Joshuah Brian Campbell will join Wake Forest University this year as director of music and arts at the School of Divinity and director of the University Gospel Choir. Campbell, a Grammy and Oscar-nominated composer, will collaborate with choral groups across the University to contribute to dynamic worship and concert experiences, including weekly worship at the Divinity School. His work leading the Gospel Choir will include performances of music inspired by the African American sacred tradition.
“I am elated that Joshuah Brian Campbell will bring his extraordinary gifts to benefit our students and the Wake Forest community,” said Jonathan Lee Walton, dean of the School of Divinity and Wait Chapel. “His appointment represents a commitment to ensuring this grand tradition of gospel music will continue on our campus at the highest levels.”
Campbell captured the world’s attention as an undergraduate at Harvard University when his original song “Sing Out/March On,” written and performed for the late civil rights icon John Lewis, went viral. The widespread acclaim of his performance caught the attention of Hollywood; Campbell’s original composition, “Stand Up,” for the biopic “Harriet,” co-written with the film’s lead Cynthia Erivo, earned Grammy, Oscar, Golden Globe and Critics Choice nominations. Campbell and Erivo won the World Soundtrack Award.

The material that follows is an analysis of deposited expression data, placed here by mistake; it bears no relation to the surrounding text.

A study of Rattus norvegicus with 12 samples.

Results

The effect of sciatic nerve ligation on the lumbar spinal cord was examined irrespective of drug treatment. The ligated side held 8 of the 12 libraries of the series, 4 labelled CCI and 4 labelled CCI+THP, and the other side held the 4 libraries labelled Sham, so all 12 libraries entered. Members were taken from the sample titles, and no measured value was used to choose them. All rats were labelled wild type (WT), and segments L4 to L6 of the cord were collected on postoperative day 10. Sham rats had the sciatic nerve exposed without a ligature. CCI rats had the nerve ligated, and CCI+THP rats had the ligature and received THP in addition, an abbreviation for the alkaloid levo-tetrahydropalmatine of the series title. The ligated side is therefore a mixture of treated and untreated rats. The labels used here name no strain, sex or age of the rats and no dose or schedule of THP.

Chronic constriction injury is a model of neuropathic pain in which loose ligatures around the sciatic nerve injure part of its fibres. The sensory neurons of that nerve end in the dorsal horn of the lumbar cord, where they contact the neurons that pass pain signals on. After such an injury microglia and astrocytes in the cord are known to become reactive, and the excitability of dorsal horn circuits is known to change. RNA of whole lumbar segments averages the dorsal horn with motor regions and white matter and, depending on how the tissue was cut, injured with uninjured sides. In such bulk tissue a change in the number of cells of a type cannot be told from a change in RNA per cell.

Campbell, who also holds a Master of Divinity degree from Union Theological Seminary in the City of New York, first shared his talents with Wake Forest during the spring 2021 semester as an artist-in-residence at Wait Chapel. He worked with students and alumni of the Gospel Choir to prepare for the annual Easter service performance. Campbell returned to work with Professor Christopher Gilliam, director of choral activities, in preparation for the Wake Forest undergraduate commencement ceremony at Truist Field.
“I am looking forward to directing and mentoring the student artists in both the Gospel Choir and School of Divinity. I am positive that the learning experience will be mutual,” said Campbell. “I come from many musical legacies and traditions birthed in community fellowship. Gospel is one of the richest and transformative forms of music because it causes people to relate to each other. I am excited to grow with the Wake Forest community as I help to facilitate faith expression and artistic formation.”
View the full story and learn more about the Wake Forest University Gospel Choir on the School of Divinity website.